HTC One VX review

A quirky but above average mid-range smartphone


Why you can trust TechRadar We spend hours testing every product or service we review, so you can be sure you’re buying the best. Find out more about how we test.


The HTC One VX has the modest specs that come with a modest price tag. It's a dual-core phone in what's fast becoming a quad-core world, but its processor puts up a good fight. Essential specs below:

1.2GHz dual-core processor1GB of RAM8GB internal storage (microSD expansion up to 32GB)

As we've mentioned, most flagship devices, such as the Samsung Galaxy S3 and HTC's own One X+ have moved up to four cores. However, there are heavy hitters like the Motorola Droid Razr Maxx HD and the iPhone 5 that are still getting it done with dual cores, but they each pack more memory than the One VX's low-end 1GB.

HTC One VX review

Still, the HTC One VX does pretty well with what it has. Even when loaded with a lot of apps and a few widgets, you can zip across the seven ICS home screens with ease.

It takes several active programs, or a resource sucker like a game, to make the One VX become noticeably sluggish. Background downloads and installations will also bog it down.

With gaming, the One VX performs decently. Games of moderate intensity like the Plants versus Zombies take a bit to load initially, but then perform well. More powerful titles like Asphalt 7 have a long load, and you'll experience some hiccups while playing, especially if Google Play decides to update an app in the background.

The One VX's dual-core performs basic functions like navigating the home screen and browsing the web very well, but when you start to stack multiple applications, you'll detect straining. With a lot of apps filling the VX's memory, newly opened programs are often unresponsive for a few seconds, or they can get stuttery.

It's not a deal breaker, except when you consider that a quad-core device like the One X is only $100 away, with two-year contract price. Using the recent apps function to dump unwanted programs helps a lot, but it's not something you'll have to be concerned with on a more powerful phone. While the HTC One VX performs well for a free phone, we'd say that when you have the opportunity for a cheap upgrade, spend the extra cash for a more powerful device, if you can afford it.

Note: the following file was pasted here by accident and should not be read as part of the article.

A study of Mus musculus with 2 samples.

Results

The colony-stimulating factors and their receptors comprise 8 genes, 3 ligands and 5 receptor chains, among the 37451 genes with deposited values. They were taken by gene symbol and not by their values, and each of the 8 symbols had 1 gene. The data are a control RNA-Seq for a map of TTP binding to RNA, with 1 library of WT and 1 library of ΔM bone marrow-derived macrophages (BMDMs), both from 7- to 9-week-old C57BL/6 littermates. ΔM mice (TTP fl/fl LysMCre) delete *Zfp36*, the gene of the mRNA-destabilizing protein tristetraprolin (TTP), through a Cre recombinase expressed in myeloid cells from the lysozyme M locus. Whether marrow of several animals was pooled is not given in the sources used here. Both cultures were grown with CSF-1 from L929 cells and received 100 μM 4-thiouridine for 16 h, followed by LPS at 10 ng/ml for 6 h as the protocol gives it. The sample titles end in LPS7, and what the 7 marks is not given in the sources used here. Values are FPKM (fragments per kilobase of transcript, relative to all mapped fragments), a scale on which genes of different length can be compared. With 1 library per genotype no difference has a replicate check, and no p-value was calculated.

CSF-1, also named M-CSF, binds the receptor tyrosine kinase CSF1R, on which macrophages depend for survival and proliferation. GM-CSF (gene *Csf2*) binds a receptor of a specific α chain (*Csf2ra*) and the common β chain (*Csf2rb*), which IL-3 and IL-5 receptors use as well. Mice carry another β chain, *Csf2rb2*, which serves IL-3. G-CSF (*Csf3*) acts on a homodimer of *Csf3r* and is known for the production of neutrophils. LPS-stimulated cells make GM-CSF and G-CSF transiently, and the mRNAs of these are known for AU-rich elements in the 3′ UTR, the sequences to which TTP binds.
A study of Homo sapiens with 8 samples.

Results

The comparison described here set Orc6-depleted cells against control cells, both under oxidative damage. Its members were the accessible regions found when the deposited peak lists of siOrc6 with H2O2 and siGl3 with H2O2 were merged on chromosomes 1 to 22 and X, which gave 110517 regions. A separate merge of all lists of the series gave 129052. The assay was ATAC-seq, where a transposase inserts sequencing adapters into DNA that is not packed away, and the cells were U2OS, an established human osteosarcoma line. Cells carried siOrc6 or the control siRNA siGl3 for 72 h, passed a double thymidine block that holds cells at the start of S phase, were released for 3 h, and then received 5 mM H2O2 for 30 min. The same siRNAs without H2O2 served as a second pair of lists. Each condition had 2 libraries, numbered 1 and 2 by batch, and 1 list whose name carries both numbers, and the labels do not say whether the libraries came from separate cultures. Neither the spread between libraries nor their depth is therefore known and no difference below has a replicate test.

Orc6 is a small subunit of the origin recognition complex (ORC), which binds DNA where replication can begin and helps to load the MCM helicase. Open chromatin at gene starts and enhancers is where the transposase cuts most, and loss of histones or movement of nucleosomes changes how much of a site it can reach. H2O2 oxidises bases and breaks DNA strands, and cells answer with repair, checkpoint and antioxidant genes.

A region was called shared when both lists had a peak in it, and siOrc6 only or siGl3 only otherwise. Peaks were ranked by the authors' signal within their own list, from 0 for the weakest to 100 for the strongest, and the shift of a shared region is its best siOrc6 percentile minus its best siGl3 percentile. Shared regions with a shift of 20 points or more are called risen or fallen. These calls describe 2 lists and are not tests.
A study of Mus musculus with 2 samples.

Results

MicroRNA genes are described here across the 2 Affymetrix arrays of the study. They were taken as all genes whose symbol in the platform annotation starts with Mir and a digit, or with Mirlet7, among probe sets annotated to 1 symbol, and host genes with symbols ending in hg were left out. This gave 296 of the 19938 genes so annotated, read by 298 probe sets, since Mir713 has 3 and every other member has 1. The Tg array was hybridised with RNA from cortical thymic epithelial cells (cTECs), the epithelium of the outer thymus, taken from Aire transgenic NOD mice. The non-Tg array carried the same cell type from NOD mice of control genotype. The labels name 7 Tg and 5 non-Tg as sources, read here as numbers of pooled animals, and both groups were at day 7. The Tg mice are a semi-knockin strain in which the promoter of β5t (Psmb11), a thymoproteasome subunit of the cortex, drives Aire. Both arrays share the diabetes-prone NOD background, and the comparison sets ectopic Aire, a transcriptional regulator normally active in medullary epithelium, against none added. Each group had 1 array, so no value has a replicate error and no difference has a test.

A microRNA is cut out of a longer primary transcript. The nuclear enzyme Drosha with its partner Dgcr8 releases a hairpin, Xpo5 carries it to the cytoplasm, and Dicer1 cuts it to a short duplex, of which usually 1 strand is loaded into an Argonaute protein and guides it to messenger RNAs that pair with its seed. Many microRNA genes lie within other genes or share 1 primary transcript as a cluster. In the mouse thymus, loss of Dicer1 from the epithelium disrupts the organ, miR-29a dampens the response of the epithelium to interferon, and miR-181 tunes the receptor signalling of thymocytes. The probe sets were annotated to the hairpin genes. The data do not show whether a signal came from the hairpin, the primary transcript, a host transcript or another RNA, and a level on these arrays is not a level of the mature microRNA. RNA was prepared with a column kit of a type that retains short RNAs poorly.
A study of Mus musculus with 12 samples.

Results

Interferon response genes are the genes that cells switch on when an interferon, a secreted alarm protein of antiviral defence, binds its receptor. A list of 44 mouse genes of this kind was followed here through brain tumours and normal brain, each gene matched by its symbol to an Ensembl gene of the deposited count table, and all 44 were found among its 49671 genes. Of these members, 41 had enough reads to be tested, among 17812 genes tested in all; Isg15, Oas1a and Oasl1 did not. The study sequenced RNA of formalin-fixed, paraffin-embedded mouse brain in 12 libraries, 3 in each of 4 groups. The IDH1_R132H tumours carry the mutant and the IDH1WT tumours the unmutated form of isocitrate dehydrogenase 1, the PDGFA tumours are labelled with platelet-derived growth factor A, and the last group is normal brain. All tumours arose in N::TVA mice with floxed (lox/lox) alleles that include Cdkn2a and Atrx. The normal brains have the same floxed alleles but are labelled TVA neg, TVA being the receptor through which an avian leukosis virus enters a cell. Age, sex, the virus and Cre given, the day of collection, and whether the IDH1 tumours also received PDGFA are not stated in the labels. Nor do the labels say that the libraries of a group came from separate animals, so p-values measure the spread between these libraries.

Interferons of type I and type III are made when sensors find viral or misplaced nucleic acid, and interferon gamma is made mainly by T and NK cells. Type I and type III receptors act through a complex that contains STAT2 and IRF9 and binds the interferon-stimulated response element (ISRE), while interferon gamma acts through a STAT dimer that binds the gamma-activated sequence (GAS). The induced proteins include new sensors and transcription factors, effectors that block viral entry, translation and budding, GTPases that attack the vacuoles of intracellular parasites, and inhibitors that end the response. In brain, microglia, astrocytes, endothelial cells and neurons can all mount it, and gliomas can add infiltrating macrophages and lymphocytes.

However, the one place where the One VX beats out its more powerful brethren is in battery life. While the HTC One X+ and One X are powerful, media-friendly devices, their quad-core brains and HD screens have them struggling to finish the day on one charge.

The HTC One VX has no such trouble, even when using 4G LTE data. It's no battery behemoth like the Droid Razr HD or Droid Razr Maxx HD, but in all our time testing the phone, we never had to charge it before the end of the day, providing we started out with a full charge.


That's not to say we didn't come close. While a day of texting, calls, web browsing and light video streaming generally left us in the 30 percent to 40 percent zone, a long day of frequent use, plus gaming and Netflix had us in dire need of a charge around 11:00 p.m.

We'd call that solid performance, especially given the less-than-diehard users the One VX is likely to attract. If you don't plan to live on your smartphone and want one that will make it through the day without an afternoon trip to the charger, the One VX is not a bad option.

Battery life is the only category where it truly one-ups its bigger siblings. This is a good thing, since the One VX's 1800 mAh cell is non-removable, and therefore can't be swapped for a fresh one out in the field.